Rummage in the Ramp expands footprint



And this year, from July 26 through Saturday, the city of Iowa City’s Rummage in the Ramp roughly weeklong recycling endeavor has enlisted the help of new partners: the owners of Iowa City apartment and rental properties.

Rather than throwing away unwanted items from apartments, college dorms, and homes, movers may donate them to the Rummage in the Chauncey Swan parking ramp. The items are then offered for sale to incoming students, low-income families, and any other individuals looking to score significant bargains on everything from books, couches, and TVs to handcrafted beer-pong tables and refrigerators.

Since its inception in 2007, the event has brought in more than 10,800 shoppers who have aided in the diversion of more than 133 tons of items from the Iowa City Landfill.

“The general feedback each year is, ‘Wow, this is crazy,’ ” said Jennifer Jordan, the Iowa City Landfill recycling coordinator. “It seems to be the trend that it gets bigger each year, and it wouldn’t surprise me if we beat [last year’s] sales and donations.”

Although 2013 figures will not be available until the closing of the event on Saturday, Jordan said that in recent years, as the city has pulled in more University of Iowa student organizations and community organizations, popularity has only seemed to grow.

This year, 31 nonprofit agencies provide the on-site labor and split the profits from the eight-day event.

And that popularity, she said, translates in the physical appearance of fewer trashed items on Iowa City curbsides.

While clothes and couches always seem to account for the brunt of both the donation and purchasing ends, Jordan said many aspects separate this year’s inventory from prior occasions.

For example, fewer, but more high-quality desks have been donated alongside a glut of aging tube televisions.

On Wednesday morning alone, the city sent 32 non-working televisions to the landfill to be recycled.

The additional work by area apartment and rental-property companies, Jordan said, has furthered advocacy efforts. Representatives from Cruise Apartments, Westwinds Real Estate Services, Inc. and the Clark family’s Apartments Downtown conglomerate are among the participants.

“I think that landlords are starting to see value in [the program],” Jordan said, noting that many have chosen to hang up Rummage in the Ramp fliers in their buildings. They also have approached their tenants about donating the items before sending them to the curb or Dumpster heap. “It’s saving everybody money in the end, which is always a good thing.”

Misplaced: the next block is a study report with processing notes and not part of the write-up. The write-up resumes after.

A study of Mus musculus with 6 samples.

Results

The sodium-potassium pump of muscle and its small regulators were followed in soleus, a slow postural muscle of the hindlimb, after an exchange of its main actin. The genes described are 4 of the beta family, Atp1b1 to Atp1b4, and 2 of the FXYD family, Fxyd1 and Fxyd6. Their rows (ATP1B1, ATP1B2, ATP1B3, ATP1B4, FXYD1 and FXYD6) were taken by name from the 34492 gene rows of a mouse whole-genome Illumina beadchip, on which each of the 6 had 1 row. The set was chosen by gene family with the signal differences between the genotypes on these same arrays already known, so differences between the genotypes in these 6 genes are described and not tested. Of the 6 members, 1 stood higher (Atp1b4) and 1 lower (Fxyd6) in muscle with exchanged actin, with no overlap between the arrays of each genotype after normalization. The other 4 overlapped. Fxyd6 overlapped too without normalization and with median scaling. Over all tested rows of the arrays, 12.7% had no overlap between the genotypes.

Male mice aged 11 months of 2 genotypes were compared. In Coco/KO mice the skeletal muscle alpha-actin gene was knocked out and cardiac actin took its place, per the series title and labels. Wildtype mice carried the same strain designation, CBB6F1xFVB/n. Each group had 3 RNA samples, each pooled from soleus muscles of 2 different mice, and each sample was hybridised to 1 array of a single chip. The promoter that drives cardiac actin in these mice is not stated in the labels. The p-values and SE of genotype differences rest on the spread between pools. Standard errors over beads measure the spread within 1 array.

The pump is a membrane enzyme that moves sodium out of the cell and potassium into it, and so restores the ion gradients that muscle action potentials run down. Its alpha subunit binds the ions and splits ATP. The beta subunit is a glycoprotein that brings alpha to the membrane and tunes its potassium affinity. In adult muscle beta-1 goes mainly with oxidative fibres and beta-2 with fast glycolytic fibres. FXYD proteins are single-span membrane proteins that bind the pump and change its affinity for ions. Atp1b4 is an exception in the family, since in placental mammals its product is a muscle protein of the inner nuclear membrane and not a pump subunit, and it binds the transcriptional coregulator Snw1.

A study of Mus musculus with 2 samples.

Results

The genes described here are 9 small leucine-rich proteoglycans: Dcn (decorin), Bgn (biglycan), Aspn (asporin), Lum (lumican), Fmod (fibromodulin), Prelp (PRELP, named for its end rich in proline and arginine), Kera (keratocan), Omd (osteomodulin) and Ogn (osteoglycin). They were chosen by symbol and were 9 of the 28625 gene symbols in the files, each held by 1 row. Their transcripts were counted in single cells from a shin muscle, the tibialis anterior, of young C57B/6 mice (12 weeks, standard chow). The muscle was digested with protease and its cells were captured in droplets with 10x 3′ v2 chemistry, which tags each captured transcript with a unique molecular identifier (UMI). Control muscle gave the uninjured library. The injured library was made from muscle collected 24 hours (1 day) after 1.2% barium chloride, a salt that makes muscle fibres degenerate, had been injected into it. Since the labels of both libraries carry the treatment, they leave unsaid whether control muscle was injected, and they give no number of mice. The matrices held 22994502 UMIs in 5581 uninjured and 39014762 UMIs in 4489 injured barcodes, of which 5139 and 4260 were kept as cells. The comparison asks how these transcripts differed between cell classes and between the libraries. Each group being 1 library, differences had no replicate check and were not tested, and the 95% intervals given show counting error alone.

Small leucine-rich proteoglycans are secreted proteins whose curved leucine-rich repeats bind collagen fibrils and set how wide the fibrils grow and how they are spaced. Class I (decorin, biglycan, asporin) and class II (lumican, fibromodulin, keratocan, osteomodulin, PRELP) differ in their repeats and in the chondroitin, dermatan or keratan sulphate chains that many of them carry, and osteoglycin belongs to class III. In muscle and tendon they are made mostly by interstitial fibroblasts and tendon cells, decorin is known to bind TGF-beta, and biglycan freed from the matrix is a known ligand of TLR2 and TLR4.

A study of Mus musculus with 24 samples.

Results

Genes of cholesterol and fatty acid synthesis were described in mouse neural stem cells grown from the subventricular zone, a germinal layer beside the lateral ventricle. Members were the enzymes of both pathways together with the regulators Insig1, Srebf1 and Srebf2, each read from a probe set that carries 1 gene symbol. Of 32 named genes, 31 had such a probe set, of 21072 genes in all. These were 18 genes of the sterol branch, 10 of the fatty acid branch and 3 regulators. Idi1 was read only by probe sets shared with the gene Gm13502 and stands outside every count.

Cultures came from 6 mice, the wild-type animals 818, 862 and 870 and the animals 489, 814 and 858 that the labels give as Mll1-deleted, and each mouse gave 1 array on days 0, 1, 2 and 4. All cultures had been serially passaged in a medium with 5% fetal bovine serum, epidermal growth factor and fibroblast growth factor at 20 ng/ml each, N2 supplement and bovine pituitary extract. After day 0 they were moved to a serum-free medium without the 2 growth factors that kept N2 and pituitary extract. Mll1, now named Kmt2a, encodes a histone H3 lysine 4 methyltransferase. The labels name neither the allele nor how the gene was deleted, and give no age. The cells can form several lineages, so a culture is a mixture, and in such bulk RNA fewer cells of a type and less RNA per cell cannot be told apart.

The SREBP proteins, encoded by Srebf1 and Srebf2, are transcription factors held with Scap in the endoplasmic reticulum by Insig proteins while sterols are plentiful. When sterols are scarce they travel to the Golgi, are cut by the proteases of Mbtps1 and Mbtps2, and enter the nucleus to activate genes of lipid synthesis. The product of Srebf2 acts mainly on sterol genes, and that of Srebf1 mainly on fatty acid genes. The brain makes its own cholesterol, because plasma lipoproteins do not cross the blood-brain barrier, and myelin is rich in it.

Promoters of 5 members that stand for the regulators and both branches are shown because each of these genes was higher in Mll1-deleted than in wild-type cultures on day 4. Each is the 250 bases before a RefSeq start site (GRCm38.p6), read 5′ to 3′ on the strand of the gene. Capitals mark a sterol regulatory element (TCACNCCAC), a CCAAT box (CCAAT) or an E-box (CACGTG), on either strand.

An official for Cruise Apartments told *The Daily Iowan* in an Wednesday interview that during this time of year, when old leases expire and new ones kick in, the company must bring hire additional waste-company vehicles just to keep up with the demand.

Contrary to standard trash pickup periods throughout the year, during the first week of apartment turnover, July 29 until Aug. 2, the company has Dumpsters emptied twice a week rather than once.

So what has been popular items the company has seen diverted from their buildings to Rummage in the Ramp?

It has mostly been large bulky items such as twin mattresses and bed frames.

For Mary Palmberg, the director of the Iowa City Free Lunch Program, and Peter Jordet, a UI School of Urban and Regional Planning graduate student, the Rummage stands as further indication of the local area’s commitment to improved sustainability and community improvement practices.

“I just think it’s just one more example of what the city is doing in working together to discern where the needs are in the community, to find creative solutions, and then do all the work of making it happen,” Palmberg said, noting that during the past six years the Free Lunch Program has received nearly $4,000 in donations.

“Seeing something in action always spawns more action,” Jordet said. “Doing this is important because it helps us see the little things that sometimes need to be done before the larger picture.”

For Palmberg, the program has also brought about more personal impacts, ones she said she will remember for years to come.

“One year for $5, I bought a whole bag that had a dance costume in it that I used for my granddaughter Ava that then resulted in a year’s worth of dance lessons,” she said.